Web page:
Tuesday, July 14, 2009

The Big Five & More: Danielle Bruce “goes overland to experience more of East Africa…

Swathes of cloud fell around the rim of the crater, the early morning mist and high altitude vapours bringing a slight chill to the crisp clean air. Perched on the lip of what is known as “Africa’s Eden,” I gazed down from our camp, foggy patches casting thick shadows over the vast caldera floor.

Africa is a timeless place, and even moreso when it comes to the Ngorongoro Crater – a spectacular bowl that was carved into the earth’s surface over 10,000 years ago by Mother Nature.  Spanning around 265-sqm and reaching up to around 600-metres, its 30,000 strong wildlife population leave their mark on the volcanic landscape year round; the animals drawn to the rich volcanic soil, lush forest and spring source lakes that line the crater floor.

Just outside the ridge we spotted a red-cloaked Maasai warrior, herding his cattle across the highland slopes. A common sighting, the tribe have lived alongside the neighbouring wildlife for centuries – their presence adding to the ultimate appeal of traditional storybook Africa.

The continent is famous for its Big Five, but East Africa has a certain authenticity – its well-known reserves and parks, including the Serengeti and the Maasai Mara, drawing animal lovers here in their hordes.

While you can travel independently and book safaris “as you go,” overlanding is the hassle free way to see more of the region.  Transport can still be haphazard for solo adventurers and in under a month it’s possible to take in around six countries on an organised trip. Every highlight on the itinerary is also perfectly mapped out – R&R balanced with sight seeing, game drives and the more energetic pursuits available in Africa’s adventure capitals.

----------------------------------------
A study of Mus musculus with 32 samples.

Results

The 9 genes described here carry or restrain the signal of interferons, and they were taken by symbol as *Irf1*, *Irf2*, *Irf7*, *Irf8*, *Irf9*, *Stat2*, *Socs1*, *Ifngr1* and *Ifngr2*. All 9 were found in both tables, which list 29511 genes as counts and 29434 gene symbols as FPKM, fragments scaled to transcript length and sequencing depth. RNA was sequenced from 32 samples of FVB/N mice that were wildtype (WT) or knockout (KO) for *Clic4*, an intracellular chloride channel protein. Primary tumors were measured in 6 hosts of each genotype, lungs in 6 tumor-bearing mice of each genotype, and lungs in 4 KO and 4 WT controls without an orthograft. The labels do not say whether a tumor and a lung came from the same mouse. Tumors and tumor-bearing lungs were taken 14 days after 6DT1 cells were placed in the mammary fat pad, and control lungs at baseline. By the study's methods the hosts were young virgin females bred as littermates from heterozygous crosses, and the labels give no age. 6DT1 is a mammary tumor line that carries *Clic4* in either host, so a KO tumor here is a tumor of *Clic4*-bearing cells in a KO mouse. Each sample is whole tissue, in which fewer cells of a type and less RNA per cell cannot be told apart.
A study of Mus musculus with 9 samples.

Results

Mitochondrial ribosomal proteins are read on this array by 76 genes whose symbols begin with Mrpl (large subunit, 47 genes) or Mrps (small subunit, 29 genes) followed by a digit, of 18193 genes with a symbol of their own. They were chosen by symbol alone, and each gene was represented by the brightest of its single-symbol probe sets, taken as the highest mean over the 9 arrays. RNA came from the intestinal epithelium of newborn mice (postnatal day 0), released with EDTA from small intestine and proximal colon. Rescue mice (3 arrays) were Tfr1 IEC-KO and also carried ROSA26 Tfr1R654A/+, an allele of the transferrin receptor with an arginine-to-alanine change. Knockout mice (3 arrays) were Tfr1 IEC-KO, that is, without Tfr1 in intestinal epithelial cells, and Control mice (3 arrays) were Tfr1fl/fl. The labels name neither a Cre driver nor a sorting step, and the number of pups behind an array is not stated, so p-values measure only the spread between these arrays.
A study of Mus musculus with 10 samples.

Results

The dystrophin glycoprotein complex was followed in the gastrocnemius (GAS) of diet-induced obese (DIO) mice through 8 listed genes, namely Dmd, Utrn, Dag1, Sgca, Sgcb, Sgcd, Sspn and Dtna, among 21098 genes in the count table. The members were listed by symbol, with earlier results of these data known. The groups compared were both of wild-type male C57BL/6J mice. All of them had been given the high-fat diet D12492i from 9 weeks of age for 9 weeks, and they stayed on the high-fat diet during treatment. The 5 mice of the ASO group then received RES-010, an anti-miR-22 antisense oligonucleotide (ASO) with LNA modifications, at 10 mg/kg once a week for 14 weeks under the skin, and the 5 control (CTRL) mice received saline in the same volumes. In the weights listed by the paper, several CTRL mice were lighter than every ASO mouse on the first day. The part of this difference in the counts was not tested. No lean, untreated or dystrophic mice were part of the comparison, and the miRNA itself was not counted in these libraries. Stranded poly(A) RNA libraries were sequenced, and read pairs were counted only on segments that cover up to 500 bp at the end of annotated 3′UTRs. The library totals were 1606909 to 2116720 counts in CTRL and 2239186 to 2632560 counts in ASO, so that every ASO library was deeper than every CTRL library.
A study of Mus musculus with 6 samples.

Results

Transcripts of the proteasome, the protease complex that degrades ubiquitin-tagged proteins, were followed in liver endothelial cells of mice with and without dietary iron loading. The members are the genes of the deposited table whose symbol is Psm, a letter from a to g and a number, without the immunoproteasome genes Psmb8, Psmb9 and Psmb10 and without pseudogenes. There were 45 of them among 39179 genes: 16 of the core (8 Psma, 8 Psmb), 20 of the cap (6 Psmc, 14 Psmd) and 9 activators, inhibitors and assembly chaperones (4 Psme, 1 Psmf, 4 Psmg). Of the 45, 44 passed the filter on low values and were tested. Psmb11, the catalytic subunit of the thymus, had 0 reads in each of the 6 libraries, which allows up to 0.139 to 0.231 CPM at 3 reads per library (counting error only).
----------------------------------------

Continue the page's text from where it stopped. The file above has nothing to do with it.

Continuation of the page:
We started our safari with a dramatic descent – the lush rain forest and thick vegetation, giving way to open grassy plains stretching out across the horizon. Even on an early morning game drive we were kitted out with jumpers, as the temperature in the crater doesn’t start to pick up until at least midday. Either way, it’s advisable to combine a wooly hat with skin protection, as at 9am the rays from the tropical sun are still very powerful.

Eager wildlife enthusiasts we were lucky enough to spot a pride of lions lazing between the sun-bleached blades of grass. Not camera shy, the females and cubs seemed totally oblivious to our presence. Ngorongoro is one of the more well-visited regions due to the phenomenal number of wildlife, including elephant, buffalo, black rhino – and of course, the big cats. Something told me that our subjects were indeed no strangers to safari goers. A couple of energetic cubs rolled around together, while the females fired back a look of pure indifference. It was as if the sight of yet more game viewers had caused their eyes to glaze over. Nevertheless, the short distance between us made it a thrilling encounter.

Our guide’s experience became readily apparent as we drove further into the crater.  Even the slightest flicker in the tall grasses would cause him to venture a guess.  It was as though he could smell the wildlife before they came into view and feel their emotions. During one game drive he called out to the driver, our vehicle stopping near to a herd of water buffalo “I think there’s a lion looking for an early lunch,” he said emphatically, and in the space of a few moments the king of the jungle appeared, edging cautiously through the grassy plains, stalking his next meal ticket.

By far the cheapest way to travel, overlanding is also atmospheric camping all the way. In the Serengeti, there were wildebeest grazing close to our tents and under cover of darkness strange sounds punctuated the silence; the gentle rhythmic calls of the cicacdas followed by a roar somewhere in the distance.

Acacia Adventure Holidays 29-day East African Explorer covers, South Africa, Botswana, Zambia, Malawi, Tanzania and Kenya. £995pp + local payment from £361pp. Prices include tour highlights as listed in the brochure, transport, roads tolls and taxes, camping and cooking equipment, most meals and services of tour leader and driver (no single supplement). Maximum 24 people on a tour. Excludes return international flight, visas, departure taxes, transfers and optional payment excursions.Contact Acacia Adventure Holidays; 020 7706 4700; info@acacia-africa.comwww.acacia-africa.com. ATOL No. 6499 and ABTA No. W4093 PROTECTED.


The leopard is still an elusive creature, but Heath Ashcroft and his partner got more than they bargained for on their last trip – proving, undoubtedbly that Africa can still surprise you.  Check out their safari on Tuesday 21 July.